You would assume that approaches with vertical guidance will get you lower than non-precision approaches, but that's not always the case. Here's why.
There's a lot that goes into calculating the minimum altitudes for an approach, but there are a few general rules that all of them follow. For the purposes of this article, we won't go into LPV approaches - we'll stick to LNAV/VNAV, and LNAV only approaches.
First, let's look at approaches with no vertical guidance. For LNAV (lateral navigation) approaches, the FAA looks at the obstacle heights along the approach path, and draws a straight line called the Obstacle Clearance Surface (OCS). Then, they add 250 feet to that line for the LNAV Required Obstacle Clearance (ROC). That altitude becomes the LNAV MDA. So at a minimum, the LNAV MDA on an approach is at least 250 feet above the highest obstacle in your path. But, there are several factors that can cause the MDA to be higher. If the MDA needs to be raised, they do it in 20 foot increments.
Next up, let's look at approaches with vertical guidance. For LNAV/VNAV approaches, the FAA draws the same Obstacle Clearance Surface horizontal line. At the controlling obstacle, they draw a horizontal line away from the runway until it reaches the Obstacle Clearance Surface (OCS) plane, which in our diagram is the the gray angled line. From there, they draw a vertical line that reaches the glide path. That point (the orange arrow) becomes the Decision Altitude (DA).
Why do they do it that way? By moving the DA outside of the controlling obstacle, it gives you the chance to see and avoid the obstacle while you're descending on the approach.
So with all of that in mind, it brings you back to the original question, which descent minimums should you choose? The LNAV, or the LNAV/VNAV?
It depends on your situation. First off, using vertical guidance on an approach is almost always the best idea. When you fly an approach on a glide path, you have a continuous vertical path to follow. And on top of that, you don't have to make as many power changes as you would on a "dive-and-drive" approach. Once you're configured for your descent, it only takes minor changes to maintain your glide path.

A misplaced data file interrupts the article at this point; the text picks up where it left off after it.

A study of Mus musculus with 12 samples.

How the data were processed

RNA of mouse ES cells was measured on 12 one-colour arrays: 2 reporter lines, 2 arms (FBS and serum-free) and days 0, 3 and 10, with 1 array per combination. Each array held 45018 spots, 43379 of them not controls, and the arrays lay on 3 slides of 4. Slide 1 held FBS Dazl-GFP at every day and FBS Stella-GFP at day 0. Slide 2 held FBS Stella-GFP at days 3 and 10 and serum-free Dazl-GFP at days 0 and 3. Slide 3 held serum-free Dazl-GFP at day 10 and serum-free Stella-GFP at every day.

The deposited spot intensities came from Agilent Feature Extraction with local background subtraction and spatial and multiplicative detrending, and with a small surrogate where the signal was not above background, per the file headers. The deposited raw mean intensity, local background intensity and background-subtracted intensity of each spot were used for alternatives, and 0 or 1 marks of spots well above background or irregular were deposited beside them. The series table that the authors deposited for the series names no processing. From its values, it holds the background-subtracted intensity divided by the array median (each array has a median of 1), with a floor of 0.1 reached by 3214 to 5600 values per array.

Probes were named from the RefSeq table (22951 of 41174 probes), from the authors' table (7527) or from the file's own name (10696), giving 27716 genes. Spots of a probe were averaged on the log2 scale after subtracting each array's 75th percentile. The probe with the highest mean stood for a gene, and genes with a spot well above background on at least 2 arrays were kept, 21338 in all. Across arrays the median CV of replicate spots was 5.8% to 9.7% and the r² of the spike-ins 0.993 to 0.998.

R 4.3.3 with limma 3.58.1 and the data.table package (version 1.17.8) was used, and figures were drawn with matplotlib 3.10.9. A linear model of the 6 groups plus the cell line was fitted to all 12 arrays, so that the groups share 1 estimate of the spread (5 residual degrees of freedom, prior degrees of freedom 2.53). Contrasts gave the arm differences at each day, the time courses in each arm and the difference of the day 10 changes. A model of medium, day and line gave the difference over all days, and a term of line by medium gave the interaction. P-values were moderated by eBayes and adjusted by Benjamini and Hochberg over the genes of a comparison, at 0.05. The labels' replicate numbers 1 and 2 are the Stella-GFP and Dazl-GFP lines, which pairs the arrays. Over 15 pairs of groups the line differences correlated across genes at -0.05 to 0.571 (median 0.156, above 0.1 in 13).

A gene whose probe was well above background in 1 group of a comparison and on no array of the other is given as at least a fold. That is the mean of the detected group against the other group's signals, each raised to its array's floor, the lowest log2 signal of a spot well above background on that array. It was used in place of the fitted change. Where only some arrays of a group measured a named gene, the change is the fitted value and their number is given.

As for a non-precision approach, you have a lot more workload to deal with. You need to keep track of your step down altitudes, and manage your power settings as you transition from level flight to descents through your step down fixes. That makes the approach more prone to error.
On an approach like this, your decision is really going to come down to the weather. Where are the ceilings at, and will the LNAV/VNAV approach get you under them?
On the Harrisburg approach, the LNAV/VNAV approach will get you down to 1,264 feet above touchdown, and the LNAV will get you down to 872 feet above touchdown. That's a difference of 392 feet, which is quite a bit when the ceilings are low.
To give yourself some breathing room on the approach, you would probably want at least 1,500 foot ceilings to shoot the LNAV/VNAV approach. That would give you a little over 200 feet of room between you and the clouds when you reach DA. If the ceilings were lower than that, you probably would want to opt for the LNAV only approach, which gets you quite a bit lower.
The next time you see an approach with MDA minimums lower than DA minimums, take a minute to think about what your best choice is going to be. If you're a WAAS capable airplane, and there are LPV minimums, that's probably going to be your best route. But if you're at an airport with LNAV/VNAV and LNAV only, you have a choice to make.
If the DA minimums will easily get you out of the clouds, following the glide path is almost always the best choice. A constant glide path will lighten your workload, reduce your chance of error, and make your passengers more comfortable during the descent.
But if the clouds are near your DA, the MDA is probably the way to go. Managing your descent profile and making sure you break out of the soup is better than having to go missed and try the approach all over again.
Colin is a Boldmethod co-founder, pilot and graphic artist. He's been a flight instructor at the University of North Dakota, an airline pilot on the CRJ-200, and has directed development of numerous commercial and military training systems. You can reach him at firstname.lastname@example.org.